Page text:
Before you decide to shop for a home, buy a car or apply for a credit card, you should consider examining your credit report. Based on your current credit score, which determines your credit rating, lenders, such as banks and loaning agencies, will decide how low or high to set your interest rates. A low credit rating will cost you significantly over time, while a high credit rating can save you considerably in the future.
The Fair Isaac Corporation started the credit rating system in 1958, developing an algorithmic way of predicting credit value based on a borrower's previous credit history. Over time the credit system grew in popularity. As of 2009, lenders from across the world employ adaptations of the original credit formulas to determine, with better accuracy, which individuals are most likely to return payments on a loan or credit.
Features of a Credit Rating
Your credit rating depends on the value of your credit score. In the FICO system developed by Fair Isaac and Company, credit scores range from 300 to 850 points, where 750 or higher represents good credit. Fifty percent of borrowers fall in the "good" credit range according to the FICO website. Another scoring system called VantageScore grades people on a 501 to 990 point-system where 501 to 600 represents an "F" credit score, 601 to 700 represents a "D" continuing until 900 to 990 represents an "A." Despite differences in the value of the scores, an 801 to 990 VantageScore is comparable in credit rating to a 750 or higher FICO score.
Definition of a High Credit Rating
The exact value that puts you in the category of "high credit rating" varies according to sources. For example, a "Reader's Digest" article reported on the effects of credit scores on interest rates, and in terms of a mortgage, a FICO score of 760 or high puts you in the "high credit rating" bracket where rates are at their best. At the same time, a FICO score of 720 or higher gets you the best deal on a car loan. Moreover, an April 30, 2009 "Newsweek" article says that once you break 750, you're at the top. The article even points out that an 800 score or higher, held by approximately one out of every eight borrowers, does not improve your deals on credit cards or mortgages; exceptional scores of 800 and higher are merely for the perfectionists.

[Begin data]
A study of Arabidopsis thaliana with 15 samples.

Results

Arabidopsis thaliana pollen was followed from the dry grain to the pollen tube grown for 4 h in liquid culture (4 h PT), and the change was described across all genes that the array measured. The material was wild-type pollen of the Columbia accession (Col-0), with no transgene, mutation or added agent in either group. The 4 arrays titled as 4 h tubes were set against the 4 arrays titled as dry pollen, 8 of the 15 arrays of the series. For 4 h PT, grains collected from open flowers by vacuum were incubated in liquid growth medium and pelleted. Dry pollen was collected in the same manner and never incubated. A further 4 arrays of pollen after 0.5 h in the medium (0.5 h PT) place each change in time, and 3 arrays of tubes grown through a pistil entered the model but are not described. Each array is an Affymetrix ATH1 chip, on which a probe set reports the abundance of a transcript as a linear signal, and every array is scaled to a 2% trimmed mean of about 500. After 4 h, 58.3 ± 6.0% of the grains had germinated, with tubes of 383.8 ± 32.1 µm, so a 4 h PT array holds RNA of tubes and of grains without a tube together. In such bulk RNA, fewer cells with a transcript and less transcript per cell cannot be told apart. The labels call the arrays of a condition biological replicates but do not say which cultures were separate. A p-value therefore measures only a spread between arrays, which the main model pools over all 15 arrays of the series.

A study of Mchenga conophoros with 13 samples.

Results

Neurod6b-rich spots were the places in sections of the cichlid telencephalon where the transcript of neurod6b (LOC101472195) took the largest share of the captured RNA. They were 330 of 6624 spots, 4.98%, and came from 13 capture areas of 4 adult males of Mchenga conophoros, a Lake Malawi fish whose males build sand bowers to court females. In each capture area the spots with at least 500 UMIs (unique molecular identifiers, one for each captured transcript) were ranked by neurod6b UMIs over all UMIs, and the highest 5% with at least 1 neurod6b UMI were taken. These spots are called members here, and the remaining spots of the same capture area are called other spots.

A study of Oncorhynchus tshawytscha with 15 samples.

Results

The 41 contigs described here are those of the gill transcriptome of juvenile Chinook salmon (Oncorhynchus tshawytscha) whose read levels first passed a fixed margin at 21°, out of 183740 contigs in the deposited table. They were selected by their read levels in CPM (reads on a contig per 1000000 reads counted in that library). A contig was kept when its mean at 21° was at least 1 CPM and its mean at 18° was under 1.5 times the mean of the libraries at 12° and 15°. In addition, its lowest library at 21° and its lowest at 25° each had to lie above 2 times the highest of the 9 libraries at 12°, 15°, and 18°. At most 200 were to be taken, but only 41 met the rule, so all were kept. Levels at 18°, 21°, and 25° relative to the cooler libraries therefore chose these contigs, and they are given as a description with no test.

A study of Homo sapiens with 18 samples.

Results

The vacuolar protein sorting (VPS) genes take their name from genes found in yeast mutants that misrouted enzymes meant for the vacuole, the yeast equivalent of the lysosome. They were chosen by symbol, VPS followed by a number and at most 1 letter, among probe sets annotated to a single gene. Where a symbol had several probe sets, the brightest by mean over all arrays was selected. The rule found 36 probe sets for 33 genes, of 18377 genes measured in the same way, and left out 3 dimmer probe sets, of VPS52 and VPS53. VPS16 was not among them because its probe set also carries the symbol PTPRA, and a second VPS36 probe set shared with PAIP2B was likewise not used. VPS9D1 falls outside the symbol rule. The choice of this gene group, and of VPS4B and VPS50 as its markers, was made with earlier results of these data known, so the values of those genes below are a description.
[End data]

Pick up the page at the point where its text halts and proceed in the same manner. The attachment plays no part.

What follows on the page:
Achieving a High Credit Rating
The "Reader's Digest" article suggests ways to impact the factors affecting your credit score in order to improve your ratings. To start with, set up automatic payments on credit cards and loans. Borrowers who never miss a payment have higher credit scores. Secondly, use no more than 9 percent of your available credit. That is, if you have three credit cards, totaling a credit line of $3,000, then keep a debt of no more than $270 (0.09 x $3,000).
Payment history and percentage of credit debt affect 65 percent of your score. The remaining factors include the duration of your credit card account (the longer the better), the number of credit score inquiries (usually dependent upon the number of credit cards you apply for; the less the better) and the types of credit you have, where credit cards have the biggest impact on your credit score. If you pay off debts and continue to pay on time, you can see improvements in your credit rating in a matter of months.
Undeniably, higher credit ratings earn you the lowest interest rates on car loans, home mortgages and credit cards. Furthermore, higher ratings help you tap into the credit cards with the best rewards programs. For example, according to the "Newsweek" article, you can earn up to 5 percent cash back on all grocery and gas expenditures while racking up another 1.5 percent on all other expenses if you know where to look. Even certain insurance agencies will lower your rates based on your credit rating--a high credit rating indicates you are responsible with your fiscal decisions which many agencies generalize to your everyday life.